Mozambique: MDM Hopes to Retain Control of Quelimane

Renamo supporters (file photo).

Maputo — The mayoral candidate of the Mozambique Democratic Movement (MDM) for the central city of Quelimane, Rogerio Warowaro, on Monday urged voters to go to the polls in the 10 October municipal elections and vote for the MDM in order to ensure "participatory and transparent management".

He said the size of the crowds he has attracted indicates that the MDM will emerge victorious on 10 October.

"The massive number of people here shows clearly that the MDM has already won the election", he said. "But we are explaining to the municipal citizens that they must turn up at the polling stations on election day. Let's all go and vote and once again put our trust in the MDM".

Only the transparent management promised by the MDM would make it possible to tackle the problems that still affect Quelimane, he said.

Among those problems was the poor state of sanitation in some of the markets he visited. He told vendors that "sanitation conditions are deplorable in the Bananeira market and damage the success of your business". He promised to solve the problem, if the MDM wins the election.

To which a reasonable retort might be: why didn't you do anything about it in the previous seven years? For the MDM won a mayoral by-election in Quelimane in 2011, and two years later the MDM won an absolute majority in the municipal assembly. Anything going wrong can be easily blamed on the MDM.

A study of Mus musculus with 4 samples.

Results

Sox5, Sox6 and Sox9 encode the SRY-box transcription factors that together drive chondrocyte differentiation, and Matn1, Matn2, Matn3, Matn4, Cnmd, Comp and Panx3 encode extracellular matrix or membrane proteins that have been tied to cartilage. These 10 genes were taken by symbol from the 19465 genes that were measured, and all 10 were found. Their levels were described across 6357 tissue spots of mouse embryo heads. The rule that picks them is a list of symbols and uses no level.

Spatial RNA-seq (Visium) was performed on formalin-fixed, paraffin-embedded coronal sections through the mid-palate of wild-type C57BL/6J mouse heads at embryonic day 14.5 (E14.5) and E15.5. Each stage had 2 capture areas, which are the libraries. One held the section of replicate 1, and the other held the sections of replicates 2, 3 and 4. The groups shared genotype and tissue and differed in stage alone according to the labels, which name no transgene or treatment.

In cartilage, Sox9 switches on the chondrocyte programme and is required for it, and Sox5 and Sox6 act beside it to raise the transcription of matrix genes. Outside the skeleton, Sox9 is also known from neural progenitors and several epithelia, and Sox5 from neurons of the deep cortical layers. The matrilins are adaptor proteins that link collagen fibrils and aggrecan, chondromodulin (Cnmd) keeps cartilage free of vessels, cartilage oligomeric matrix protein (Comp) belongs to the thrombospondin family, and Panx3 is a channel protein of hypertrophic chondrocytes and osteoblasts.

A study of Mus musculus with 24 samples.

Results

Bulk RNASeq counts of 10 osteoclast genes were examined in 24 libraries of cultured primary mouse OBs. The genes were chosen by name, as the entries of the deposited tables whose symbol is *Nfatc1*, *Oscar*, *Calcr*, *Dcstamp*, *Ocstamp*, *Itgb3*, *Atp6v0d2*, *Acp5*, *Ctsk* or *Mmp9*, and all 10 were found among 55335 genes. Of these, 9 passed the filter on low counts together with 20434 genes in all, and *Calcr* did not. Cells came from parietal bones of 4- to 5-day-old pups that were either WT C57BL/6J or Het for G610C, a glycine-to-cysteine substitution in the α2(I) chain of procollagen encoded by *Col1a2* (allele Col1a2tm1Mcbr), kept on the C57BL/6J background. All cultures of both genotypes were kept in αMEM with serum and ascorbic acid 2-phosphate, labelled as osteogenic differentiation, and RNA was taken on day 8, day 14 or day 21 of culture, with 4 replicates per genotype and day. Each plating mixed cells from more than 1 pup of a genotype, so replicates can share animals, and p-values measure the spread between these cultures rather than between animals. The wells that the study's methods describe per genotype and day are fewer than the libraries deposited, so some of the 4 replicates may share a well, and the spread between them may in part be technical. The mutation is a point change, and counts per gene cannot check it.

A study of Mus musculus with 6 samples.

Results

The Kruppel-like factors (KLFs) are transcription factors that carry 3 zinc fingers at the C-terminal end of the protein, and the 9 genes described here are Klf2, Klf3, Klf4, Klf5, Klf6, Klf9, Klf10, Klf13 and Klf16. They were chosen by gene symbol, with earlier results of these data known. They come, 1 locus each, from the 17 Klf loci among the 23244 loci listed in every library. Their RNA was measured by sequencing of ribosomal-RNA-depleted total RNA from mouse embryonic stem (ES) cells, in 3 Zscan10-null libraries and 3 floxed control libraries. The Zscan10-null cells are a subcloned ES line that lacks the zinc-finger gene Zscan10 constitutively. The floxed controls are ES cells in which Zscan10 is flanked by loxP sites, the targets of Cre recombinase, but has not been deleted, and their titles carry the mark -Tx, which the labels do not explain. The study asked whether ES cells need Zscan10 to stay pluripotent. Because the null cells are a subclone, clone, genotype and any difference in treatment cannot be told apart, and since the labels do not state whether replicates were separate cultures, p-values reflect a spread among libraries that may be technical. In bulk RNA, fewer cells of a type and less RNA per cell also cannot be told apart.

The MDM mayor, Manuel de Araujo, defected to the main opposition party, the former rebel movement Renamo, in June, and Renamo immediately made him its mayoral candidate. So Renamo too has some difficulty in complaining about the current state of Quelimane, since it can always be blamed on the man who is now the Renamo candidate.

Despite his switch in party allegiance, Araujo still claims he is the legitimate mayor of Quelimane - even though the government sacked him in late August. The government cited the 1997 law on the administrative supervision of municipalities which states that "office holders in municipalities shall lose their office if, after the elections, they join a party or list different from the one for which they presented themselves to the electorate".

Araujo appealed to the Administrative Tribunal, which has yet to rule on the matter. But the government's case seems unassailable - there is no doubt that Araujo won office in 2011, and again in 2013, on the MDM ticket, and equally no doubt that he has now joined Renamo.